The solar news from down under is looking better since SolarTown reported earlier this summer on installation problems and dwindling government incentives in Australia. Today, the good news coming from New South Wales (NSW) is that NSW is on the verge of achieving grid parity in some areas-"a lot of places except Melbourne and Hobart," according to Andrew Blakers, director of the center for sustainable energy systems at the Australian National Universiy.
According to Muriel Watt, spokeswoman of the Photovoltaic Association, solar has become competitive with coal-powered electricity, as the cost of producing energy from rooftop panels over the course of their 25-year lifetime equates to the cost of retail electricity. Grid parity is reached when the price of solar power is equivalent to electricity purchased from the grid. Depending on the definition used, this has been reached or will take a few more years to reach in Australia. In any case, it is or will be the first country in which solar has reached grid parity.
According to Giles Parkinson, this was a result of a few things. First, the high demand for solar panels as a result of government incentives implemented in 2008 delivered economies of scale to solar manufacturers. This means that as demand increased, production increased, which meant the price of manufacturing decreased because manufacturers learned to produce solar modules more efficiently.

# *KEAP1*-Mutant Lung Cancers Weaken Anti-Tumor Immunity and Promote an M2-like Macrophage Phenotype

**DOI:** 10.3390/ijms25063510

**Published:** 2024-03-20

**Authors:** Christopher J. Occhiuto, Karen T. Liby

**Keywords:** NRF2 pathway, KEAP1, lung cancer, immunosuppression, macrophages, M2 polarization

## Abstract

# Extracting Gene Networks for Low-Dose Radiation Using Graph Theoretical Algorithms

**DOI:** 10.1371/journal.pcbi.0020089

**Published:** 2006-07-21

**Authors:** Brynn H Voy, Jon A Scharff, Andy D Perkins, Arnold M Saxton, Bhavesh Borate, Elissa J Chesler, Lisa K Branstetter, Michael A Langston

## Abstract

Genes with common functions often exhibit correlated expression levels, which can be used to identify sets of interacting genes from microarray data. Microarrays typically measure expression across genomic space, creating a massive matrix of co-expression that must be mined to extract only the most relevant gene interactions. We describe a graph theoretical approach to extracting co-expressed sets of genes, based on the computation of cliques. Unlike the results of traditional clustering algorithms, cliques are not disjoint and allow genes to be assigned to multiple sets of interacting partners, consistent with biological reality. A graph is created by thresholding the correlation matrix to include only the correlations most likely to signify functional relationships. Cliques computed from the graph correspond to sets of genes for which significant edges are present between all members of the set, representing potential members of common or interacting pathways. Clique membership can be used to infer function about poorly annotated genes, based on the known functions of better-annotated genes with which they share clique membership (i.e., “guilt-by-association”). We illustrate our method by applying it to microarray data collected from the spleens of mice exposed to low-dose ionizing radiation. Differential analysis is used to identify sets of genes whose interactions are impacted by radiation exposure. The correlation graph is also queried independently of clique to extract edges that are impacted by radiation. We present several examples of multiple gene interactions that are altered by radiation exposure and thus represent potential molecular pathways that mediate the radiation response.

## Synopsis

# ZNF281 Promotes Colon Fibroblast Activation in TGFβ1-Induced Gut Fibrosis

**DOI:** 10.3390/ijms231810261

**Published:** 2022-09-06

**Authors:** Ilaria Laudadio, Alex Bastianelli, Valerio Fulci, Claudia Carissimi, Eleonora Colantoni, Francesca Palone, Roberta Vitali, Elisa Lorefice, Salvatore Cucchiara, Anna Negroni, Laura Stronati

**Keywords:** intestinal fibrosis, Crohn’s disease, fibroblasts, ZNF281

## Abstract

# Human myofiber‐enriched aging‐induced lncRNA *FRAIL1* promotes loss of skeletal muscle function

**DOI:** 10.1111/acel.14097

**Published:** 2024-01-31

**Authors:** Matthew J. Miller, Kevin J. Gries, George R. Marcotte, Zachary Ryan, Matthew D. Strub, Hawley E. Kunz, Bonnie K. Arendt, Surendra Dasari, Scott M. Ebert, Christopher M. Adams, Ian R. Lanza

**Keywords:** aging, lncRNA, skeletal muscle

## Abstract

Second, the rising Australian dollar made it cheap and attractive for Australians to import solar modules. Australia also experiences stronger sunlight than most of the world, making photovoltaic (PV) panels there more effective.
Last, government incentives for solar panels raised the price of retail electricity. Throughout August, these factors allowed solar PV to reach grid parity.
As electricity prices rise, it makes sense to install solar panels in Australia even without government subsidies. Until October of last year, NSW was an area with strong government incentives for installing solar power. The feed-in tariffs, which were part of the incentives, became controversial because of the rapid increase in the price of retail electricity; the feed-in tariffs were eventually abolished.
The days of other government incentives are also numbered, as the price of unsubsidized panels decreased by half, reducing up-front costs. The purpose of government incentives is to make the technology cheaper by encouraging demand, and once that occurs, it will no longer make sense to keep the government subsidies. However, it will be several years until the industry can support itself, which means that incentives will be around for at least as long as that. And as domestic manufacturers outsource to China in order to reduce manufacturing costs, the cost of PV will drop even lower.